Globalization’s Double-Edged Sword
Globalization’s Double-Edged Sword
We have entered the age of the faceless, agile enemy. From London to Madrid to Nigeria to Russia, stateless terrorist groups have emerged to score blow after blow against us. Driven by cultural fragmentation, schooled in the most sophisticated technologies, and fueled by transnational crime, these groups are forcing corporations and individuals to develop new ways of defending themselves. The end result of this struggle will be a new, more resilient approach to national security, one built not around the state but around private citizens and companies.
John Robb, Brave New War, June 2007.
John Robb has an unusual resume: he went from being an Air Force officer in a counterterrorism unit coordinating Delta Force folks and Navy Seals in the late 80s to working as one of the first Internet technology analysts in the mid-90s. Since then, as the world has gotten more wired and no less bloody, he’s been putting these two disparate strands of experience together, writing and arguing that globalized connectivity and democratized technology will lead not just to increased productivity and creative possibility but to sophisticated attacks and chaotic disruptions. That, in other words, the bad people people out there are just as wired as the good ones.
Robb’s contention is that in our near future, when non-state actors commit cheap but effective network attacks (think internet, electricity, oil, water, transportation, etc.), our lugubrous, inefficient, centralized states won’t be able to help us (think Katrina, or Iraq). Instead, we’ll have to get resilient. Rich corporations and individuals will lead the way:
Security will become a function of where you live and whom you work for, much as health care is allocated already. Wealthy individuals and multinational corporations will be the first to bail out of our collective system, opting instead to hire private military companies, such as Blackwater and Triple Canopy, to protect their homes and facilities and establish a protective perimeter around daily life. Parallel transportation networks — evolving out of the time-share aircraft companies such as Warren Buffett’s NetJets — will cater to this group, leapfrogging its members from one secure, well-appointed lily pad to the next.
John Robb, Security: Power To The People, Fast Company, March 2006.
But his real call to action is more public, and more local. He’s looking for a 21st-century self-sufficiency, with community food production, a more supple and sophisticated power grid, and an underlying assumption that the only way to survive attacks in a globalized world is to be able to survive locally.
I should have mentioned that Robb was also an Eagle Scout. Are you prepared?
Richard A. Clarke
Advisor to Presidents Reagan, Bush (I), Clinton, and Bush (II)
National Coordinator for Counter-terrorism, National Security Council, 1998-2001
Chairman, Good Harbor Consulting
Editor-in-chief, Foreign Policy
Former Venezuelan Minister of Trade and Industry
- Extra Credit Reading
John Robb, Security: Power To The People, Fast Company, March, 2006: “This terrorist-criminal symbiosis becomes even more powerful when considered next to the most disturbing sign coming out of Iraq: The terrorists have developed the ability to fight nation-states strategically–without weapons of mass destruction. This new method is called “systems disruption,” a simple way of attacking the critical networks (electricity, oil, gas, water, communications, and transportation) that underpin modern life.”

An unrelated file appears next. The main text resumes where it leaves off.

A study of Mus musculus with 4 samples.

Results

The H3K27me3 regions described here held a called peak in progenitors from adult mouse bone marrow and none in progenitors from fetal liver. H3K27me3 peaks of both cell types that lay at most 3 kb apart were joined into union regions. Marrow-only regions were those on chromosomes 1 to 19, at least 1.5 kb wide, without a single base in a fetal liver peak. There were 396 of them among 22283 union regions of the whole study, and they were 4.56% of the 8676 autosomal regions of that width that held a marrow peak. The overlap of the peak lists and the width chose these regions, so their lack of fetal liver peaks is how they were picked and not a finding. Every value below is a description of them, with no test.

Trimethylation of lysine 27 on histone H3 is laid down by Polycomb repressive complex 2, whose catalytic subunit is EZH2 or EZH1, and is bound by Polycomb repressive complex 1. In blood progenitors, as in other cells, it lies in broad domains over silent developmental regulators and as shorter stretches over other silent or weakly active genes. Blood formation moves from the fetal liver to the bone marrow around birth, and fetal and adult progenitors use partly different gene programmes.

Michael Tanji, Brave New Review, Haft of the Spear, April 22, 2007: “Comparisons are going to be drawn between Robb’s work and that of Tom Barnett of Pentagon’s New Map and Blueprint for Action fame… Suffice it to say that their work is complimentary in many areas save for issues related to the roles of government and the long-term. Tom is Pooh Bear, John is Eeyore.”
Grim, COIN: The Gravity Well, BlackFive, April 23, 2007: “Give me ten minutes, and I’ll tell you everything you need to know to understand this new model of insurgency. Plus, I have a little addition of my own — a way to visualize David Kilcullen’s “disaggregation.” Ten minutes, and you’ll both understand how the Global insurgency works, and how to fight it — even in those times and places when we have no combat troops to devote to working it.”
Chris Monasterski, Most powerful force in the international economy?, Private Sector Development Blog, March 21, 2007: “Naim painted a picture of transnational criminal networks of “specialists in logistics” operating as independent cells. He warned of the growing criminalization of politics and the politicization of crime in many corners of the world.”
Dan tdaxp, Guerrillas as Petty Realism, Tdaxp.com, April 24, 2007: “Unable to hold territory, and unwilling to join a minimal winning coalition capable of achieving victory, all global guerrillas can do is generate violence. All they can do is make some other group even more attractive, if that group promises to end or reduce the violence.”
Richard Clarke, Breakpoint, Powells Books Blog, January 23, 2007: “In Breakpoint, somebody is attempting to destroy the technological facilities making scientific advances. They are using the vulnerabilities that exist today in cyberspace, in our computer controlled networks.”